Dayna Sharp, LCSW
An Amends from a Therapist for the Mistakes of her Field
I love my work. I love getting to know my clients, and I love learning about research, theory and others' experience in therapy. There's so much that I have learned about the brain, human development and relationships that allows me to do really important work with really important people to support them in living their best life.
I'm so grateful to all the researchers, theorists, clinicians and clients who have provided me with my foundation to do my best work. And part of that is acknowledging where my field has gone awry.
It's true, back in the day, mental health experts were in the business of restraining people defined as "mentally ill" and parts of their brain were cut out.
Ah, Freud. He contributed oh so much to the field of psychotherapy, even under the influence of Cocaine. But he also took a big mis-step. Rather than "stir the pot" and accuse wealthy men of sexually abusing the women in their lives, he took the easier way out and concluded that women weren't being sexually abused, assaulted, or raped; instead they were having fantasies and repressed sexual wishes--and were treated for "Hysteria". #metoo
Yep, it was not that long ago an actual diagnosis listed in the "Bible" of Mental Health Disorders published by the American Psychiatric Association. Folks identifying as LGBTQ were thought of as "mentally ill" and in need of treatment. Unfortunately, there are many clinicians that continue to offer "Conversion therapy", attempting to "treat" those identifying as outside of heterosexuality, while adding to social stigma and direct harm to those "treated".
4. The Pathologizing of African American Boys and Men
Black boys are over-represented in the diagnosis of Oppositional Defiant Disorder and Conduct Disorder. Black men are over-represented in the diagnosis of Anti-Social Personality Disorder and Schizophrenia. In these ways and more, the mental health field has added to our racism-infused culture and contributed to the social stigma of Black males.
5. "Personality Disorders"
What a terrible label to be given! What kind of hope is there if one's entire personality is dis-ordered?!? While this is a diagnosis that is still frequently given in certain settings, many more therapists understand that labels like "Narcissistic Personality Disorder" or "Borderline Personality Disorder" are more like character solutions--creative and then-necessary ways of relating that children developed in response to a traumatic, mis-attuned, and/or emotionally dangerous relational environment. Many therapists now realize that these labels are often given with a spirit of frustration from therapists--but the real reason why therapists have felt so frustrated is because they haven't understood what has happened to the client--how certain ways of behaving in relationships have allowed them to survive through things that many couldn't imagine.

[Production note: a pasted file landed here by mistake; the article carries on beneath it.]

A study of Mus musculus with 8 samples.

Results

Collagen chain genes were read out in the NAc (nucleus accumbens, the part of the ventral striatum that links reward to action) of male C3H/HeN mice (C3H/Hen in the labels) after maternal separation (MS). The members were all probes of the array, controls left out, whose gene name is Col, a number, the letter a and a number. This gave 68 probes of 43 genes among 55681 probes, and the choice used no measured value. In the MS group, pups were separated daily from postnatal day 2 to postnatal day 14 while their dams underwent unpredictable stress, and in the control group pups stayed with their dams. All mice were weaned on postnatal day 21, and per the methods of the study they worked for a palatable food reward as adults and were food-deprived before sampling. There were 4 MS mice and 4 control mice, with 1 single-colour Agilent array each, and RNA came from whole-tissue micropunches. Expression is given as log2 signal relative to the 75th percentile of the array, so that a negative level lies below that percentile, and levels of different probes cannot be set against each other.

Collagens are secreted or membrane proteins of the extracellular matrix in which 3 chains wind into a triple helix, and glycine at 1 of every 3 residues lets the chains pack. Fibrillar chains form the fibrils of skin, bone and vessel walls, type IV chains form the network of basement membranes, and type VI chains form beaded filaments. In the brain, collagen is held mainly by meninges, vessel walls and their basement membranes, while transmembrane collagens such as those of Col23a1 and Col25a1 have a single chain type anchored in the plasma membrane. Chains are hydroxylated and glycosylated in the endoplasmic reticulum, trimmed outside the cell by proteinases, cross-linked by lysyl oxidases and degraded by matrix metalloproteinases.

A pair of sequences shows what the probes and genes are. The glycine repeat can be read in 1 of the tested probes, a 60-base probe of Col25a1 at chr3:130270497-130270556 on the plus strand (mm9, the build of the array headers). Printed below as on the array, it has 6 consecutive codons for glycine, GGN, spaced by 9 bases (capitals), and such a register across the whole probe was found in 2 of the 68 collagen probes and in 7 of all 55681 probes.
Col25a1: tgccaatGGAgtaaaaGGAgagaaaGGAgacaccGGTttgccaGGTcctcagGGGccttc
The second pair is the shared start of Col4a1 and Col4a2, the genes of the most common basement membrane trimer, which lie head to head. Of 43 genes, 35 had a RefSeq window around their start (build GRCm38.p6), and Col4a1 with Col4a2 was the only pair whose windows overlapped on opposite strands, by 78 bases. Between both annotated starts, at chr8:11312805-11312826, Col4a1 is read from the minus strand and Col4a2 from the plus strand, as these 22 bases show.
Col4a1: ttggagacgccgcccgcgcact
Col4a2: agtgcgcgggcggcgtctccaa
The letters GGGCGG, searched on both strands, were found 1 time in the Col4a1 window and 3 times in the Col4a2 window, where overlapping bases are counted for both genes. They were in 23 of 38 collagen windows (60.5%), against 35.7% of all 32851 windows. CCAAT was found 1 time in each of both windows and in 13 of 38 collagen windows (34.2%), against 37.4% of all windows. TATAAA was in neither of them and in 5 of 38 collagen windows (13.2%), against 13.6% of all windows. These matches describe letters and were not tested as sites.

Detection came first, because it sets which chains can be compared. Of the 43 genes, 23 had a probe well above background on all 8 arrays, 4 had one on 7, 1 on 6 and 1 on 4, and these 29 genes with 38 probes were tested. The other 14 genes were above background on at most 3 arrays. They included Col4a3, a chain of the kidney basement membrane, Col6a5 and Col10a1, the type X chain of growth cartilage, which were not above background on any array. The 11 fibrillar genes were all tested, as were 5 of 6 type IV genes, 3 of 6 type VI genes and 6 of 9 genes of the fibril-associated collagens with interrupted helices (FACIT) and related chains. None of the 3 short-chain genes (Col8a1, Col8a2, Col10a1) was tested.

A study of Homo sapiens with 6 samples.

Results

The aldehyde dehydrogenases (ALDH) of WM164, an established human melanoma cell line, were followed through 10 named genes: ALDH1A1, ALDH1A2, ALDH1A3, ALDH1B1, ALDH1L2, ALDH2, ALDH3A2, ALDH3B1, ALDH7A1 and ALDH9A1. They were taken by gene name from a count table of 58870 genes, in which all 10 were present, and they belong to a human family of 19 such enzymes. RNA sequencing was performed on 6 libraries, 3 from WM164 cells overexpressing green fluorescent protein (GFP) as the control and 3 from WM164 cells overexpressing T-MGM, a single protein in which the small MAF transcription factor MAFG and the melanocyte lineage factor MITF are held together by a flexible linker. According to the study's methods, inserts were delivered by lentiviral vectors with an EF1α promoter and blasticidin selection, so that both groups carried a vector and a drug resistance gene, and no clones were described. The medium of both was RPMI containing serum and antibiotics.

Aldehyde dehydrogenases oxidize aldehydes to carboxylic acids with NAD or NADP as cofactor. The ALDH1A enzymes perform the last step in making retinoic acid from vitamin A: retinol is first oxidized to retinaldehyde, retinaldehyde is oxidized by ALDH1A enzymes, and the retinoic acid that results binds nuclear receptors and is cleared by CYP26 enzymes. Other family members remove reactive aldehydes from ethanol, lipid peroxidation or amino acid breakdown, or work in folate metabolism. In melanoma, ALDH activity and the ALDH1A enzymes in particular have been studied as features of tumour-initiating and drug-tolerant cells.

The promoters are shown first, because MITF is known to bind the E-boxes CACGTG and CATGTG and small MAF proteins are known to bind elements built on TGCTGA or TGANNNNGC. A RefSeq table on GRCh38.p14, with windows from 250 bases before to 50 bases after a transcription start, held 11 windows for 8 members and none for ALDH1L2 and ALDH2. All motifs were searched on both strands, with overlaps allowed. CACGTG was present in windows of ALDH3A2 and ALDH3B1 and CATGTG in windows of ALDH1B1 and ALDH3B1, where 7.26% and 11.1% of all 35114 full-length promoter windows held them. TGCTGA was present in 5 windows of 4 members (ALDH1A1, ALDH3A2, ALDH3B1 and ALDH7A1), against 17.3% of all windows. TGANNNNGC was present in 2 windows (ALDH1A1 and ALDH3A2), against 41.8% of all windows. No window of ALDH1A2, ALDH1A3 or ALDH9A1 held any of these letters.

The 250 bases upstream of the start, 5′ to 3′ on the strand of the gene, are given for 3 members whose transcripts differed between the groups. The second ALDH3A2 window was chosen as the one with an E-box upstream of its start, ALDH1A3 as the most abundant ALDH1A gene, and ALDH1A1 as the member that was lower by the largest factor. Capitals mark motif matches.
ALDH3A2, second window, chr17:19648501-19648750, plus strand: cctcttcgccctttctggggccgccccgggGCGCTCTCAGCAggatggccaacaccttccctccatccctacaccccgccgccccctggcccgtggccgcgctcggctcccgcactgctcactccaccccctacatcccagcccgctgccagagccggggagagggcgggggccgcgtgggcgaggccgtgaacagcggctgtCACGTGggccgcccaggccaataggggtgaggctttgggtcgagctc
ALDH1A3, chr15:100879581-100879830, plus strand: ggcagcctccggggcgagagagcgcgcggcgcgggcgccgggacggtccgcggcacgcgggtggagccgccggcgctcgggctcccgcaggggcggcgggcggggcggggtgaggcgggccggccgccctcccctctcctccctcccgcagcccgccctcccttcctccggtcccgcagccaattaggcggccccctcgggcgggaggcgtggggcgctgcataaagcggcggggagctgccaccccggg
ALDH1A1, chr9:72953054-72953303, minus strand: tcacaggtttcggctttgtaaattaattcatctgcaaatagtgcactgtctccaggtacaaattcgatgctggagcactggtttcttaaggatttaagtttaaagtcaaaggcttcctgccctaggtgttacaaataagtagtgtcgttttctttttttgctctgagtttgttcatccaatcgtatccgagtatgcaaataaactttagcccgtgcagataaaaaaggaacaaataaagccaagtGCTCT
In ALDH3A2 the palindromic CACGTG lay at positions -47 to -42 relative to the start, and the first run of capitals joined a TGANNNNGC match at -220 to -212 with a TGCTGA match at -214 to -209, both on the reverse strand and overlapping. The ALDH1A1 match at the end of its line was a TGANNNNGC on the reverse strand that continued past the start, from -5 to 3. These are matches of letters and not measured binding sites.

6. The Entire Mental Health System
It's true...I said I love my field and I do. But it's also true that the way that our society structures and funds mental health treatment causes good support to be in-accessible to many. People must have an identified pathology (diagnosis) to be funded for treatment--which adds to stigma and truly changes the way therapists work, treatment even with insurance is expensive, therapists who work in network are often over-booked, are not taking new patients, and/or can't offer consistent sessions, poorer children are more likely to take medication alone due to the inaccessibility of talk therapy, shorter-term therapies that have been shown to be less effective over time are prioritized over longer, less expensive therapies...the truth is that money determines what kind of therapies are available to you. While Howard Stern might work 4-5 times a week with a highly trained psychoanalyst, someone without such financial privilege may have to work within the constrains of their insurance--certain number of sessions per year, working on treatment goals related to the "problem" specifically. Others may have time finding consistent therapy at all.
Of course, I haven't covered every mis-step my field has made. But there is a pattern. From my perspective, we have consistently erred in confusing people with problems, giving a back seat to listening and empathy while prioritizing "labeling" and "fixing". In my mind, we are all human, all gifted and each flawed, and every one of us deserves to be seen as ourselves, not as our problems--to receive support when we need it.
I can't change the world--or its history--from my office. I wish my field could have been stronger, would have stood with people's needs instead of succumbing to outside pressures. But sometimes, it didn't. And I have learned from the mistakes of my therapist ancestors. At Creating Space Counseling and Wellness, you can count on being seen as a person and treated with dignity. We may not be able to change "the" world, but together, we can change ours.